Weekly Insect Bytes for July 17, 2015
Posted: July 17, 2015
Traps baited with commercially available BMSB lures are effective in detecting and capturing most stages of BMSB present in orchards. Commercial BMSB lures and traps are available from Ag-Bio Inc. Phone: 877-268-2020 and Sterling International, Inc. Phone: 509-343-3625). The Rescue lures (from Sterling Int.) can also be purchased from most hardware stores and retailers such as Lowe’s, Home Depot or Wal-Mart.
The list of effective insecticide options includes products only with few modes of action: pyrethroids (IRAC Group 3A) such as Bifenture® EC and 10DF and Brigade® WSB (the same AI, bifenthrin), Danitol® (fenpropathrin), and Warrior® (cyhalothrin); neonicotinoids (IRAC Group 4A) such as Actara® (thiametoxam), Assail® (acetamiprid), Belay ® (clothianidin); and one carbamate product (IRAC Group 1A), Lannate® (methomyl).
The insect pest control updates presented below are for South-central Pennsylvania based on observations in Adams County. To view the insect hatch and trapping data for all major insect pests, please visit the Penn State Fruit Research and Extension Center (FREC) website. For control recommendations, refer to the Insect and Mite Control Toolbox.
Wooly Apple Aphids
It is a good time to re-evaluate your orchards for the presence of wooly apple aphids (WAA). If WAA are observed in the orchard, application(s) of Movento® or Diazinon® should provide effective control of this pest. Movento is translaminar within plants and provides good systemic activity against live WAA but for the maximum efficacy of this product, an addition of surfactant is required.
Japanese beetles (JB) are still being frequently observed in orchards located around the Pennsylvania. Materials recommended for the control of brown marmorated stink bug should also provide effective control of JB. If the control of BMSB is not necessary, and only JB needs to be controlled, in addition to neonicotinoid insecticides also carbaryl (Sevin®) should provide good control of JB.
Pear psylla (PP) populations are present in many local pear orchards. While additional applications of Surround may not be too practical, the still present nymphs and adults of this pest can be controlled by treatments of Danitol®, or Endigo®, or Centaur® WDG or Delegate® plus adjuvant. Excellent coverage of the inside parts of tree canopy where the still growing shoots provide the best support to pear psylla populations is crucial for the effective PP control.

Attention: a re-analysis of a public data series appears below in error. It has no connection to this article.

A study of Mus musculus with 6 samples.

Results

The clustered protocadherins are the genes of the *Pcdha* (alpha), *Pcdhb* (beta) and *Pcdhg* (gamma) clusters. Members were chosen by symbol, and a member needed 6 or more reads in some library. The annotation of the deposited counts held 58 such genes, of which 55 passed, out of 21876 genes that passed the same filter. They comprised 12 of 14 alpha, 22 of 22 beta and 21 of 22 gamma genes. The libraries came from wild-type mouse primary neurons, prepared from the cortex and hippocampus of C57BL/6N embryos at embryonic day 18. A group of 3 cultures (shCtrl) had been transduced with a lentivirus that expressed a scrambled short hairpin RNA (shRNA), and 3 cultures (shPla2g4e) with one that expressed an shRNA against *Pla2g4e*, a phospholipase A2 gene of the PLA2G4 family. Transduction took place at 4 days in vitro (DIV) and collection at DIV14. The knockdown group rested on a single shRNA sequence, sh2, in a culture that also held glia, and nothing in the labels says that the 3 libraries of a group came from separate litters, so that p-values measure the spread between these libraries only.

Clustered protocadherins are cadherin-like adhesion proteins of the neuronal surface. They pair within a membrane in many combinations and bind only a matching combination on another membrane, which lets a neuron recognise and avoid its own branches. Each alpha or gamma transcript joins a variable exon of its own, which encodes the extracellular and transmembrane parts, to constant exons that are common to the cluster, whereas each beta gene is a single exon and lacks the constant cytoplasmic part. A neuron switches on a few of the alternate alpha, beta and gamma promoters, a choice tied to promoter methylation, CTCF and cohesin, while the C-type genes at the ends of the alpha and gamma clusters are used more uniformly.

The second generation of codling moth (CM) is ready to start (or just started) in most orchards located in southern PA. Unfortunately, we continue to observe the disparity between the CM egg hatch forecasted by SkyBit Inc. and the actual field situation (as observed in FREC orchards). The computer model predicts about 50 percent egg hatch of the second CM generation for July 20th, while the CM trap data collected in our orchards indicates just the beginning of the second CM generation flight. Pheromone traps provide the easiest and the most accurate tool to monitor the actual pest pressure in orchards and the best real word indicator to answer the question “if” and “when” the control is needed.
One of the options to avoid the challenge with the discrepancy between the model and actual trap data is to use mating disruption in the orchard, as this management method will provide continuous season long control of targeted pest(s). If mating disruption materials are not used to control codling moth, applications of Altacor®, Belt®, Delegate®, Tourismo® or Voliam Flexi® or Voliam Xpress® should provide excellent control of CM.
Tufted Apple Bud Moth—Obliquebanded Leafroller
Tufted apple bud moth (TABM) and obliquebanded leafroller (OBLR) populations are still between generations and at this time of the season no TABM or OBLR control is necessary. The flight of the second generation of both species should start within a week and the next best timing to control both leafroller species will occur sometime in late July or early August.
Spotted Wing Drosophila
Based on our experience from the last two seasons, beginning of July is a good time to start searching for the first male adults of spotted wing drosophila (SWD). There are already confirmed SWD findings from Maryland and anecdotal observations on raspberries and late sweet cherries in Pennsylvania. Growers with these crops as well as blueberries should pay very close attention to possible movement of this pest into their plantations. SWD monitoring traps can provide accurate information about the presence of SWD. Traps are also very useful tools to detect possible increases of fruit flies populations and/or their movement into plantations.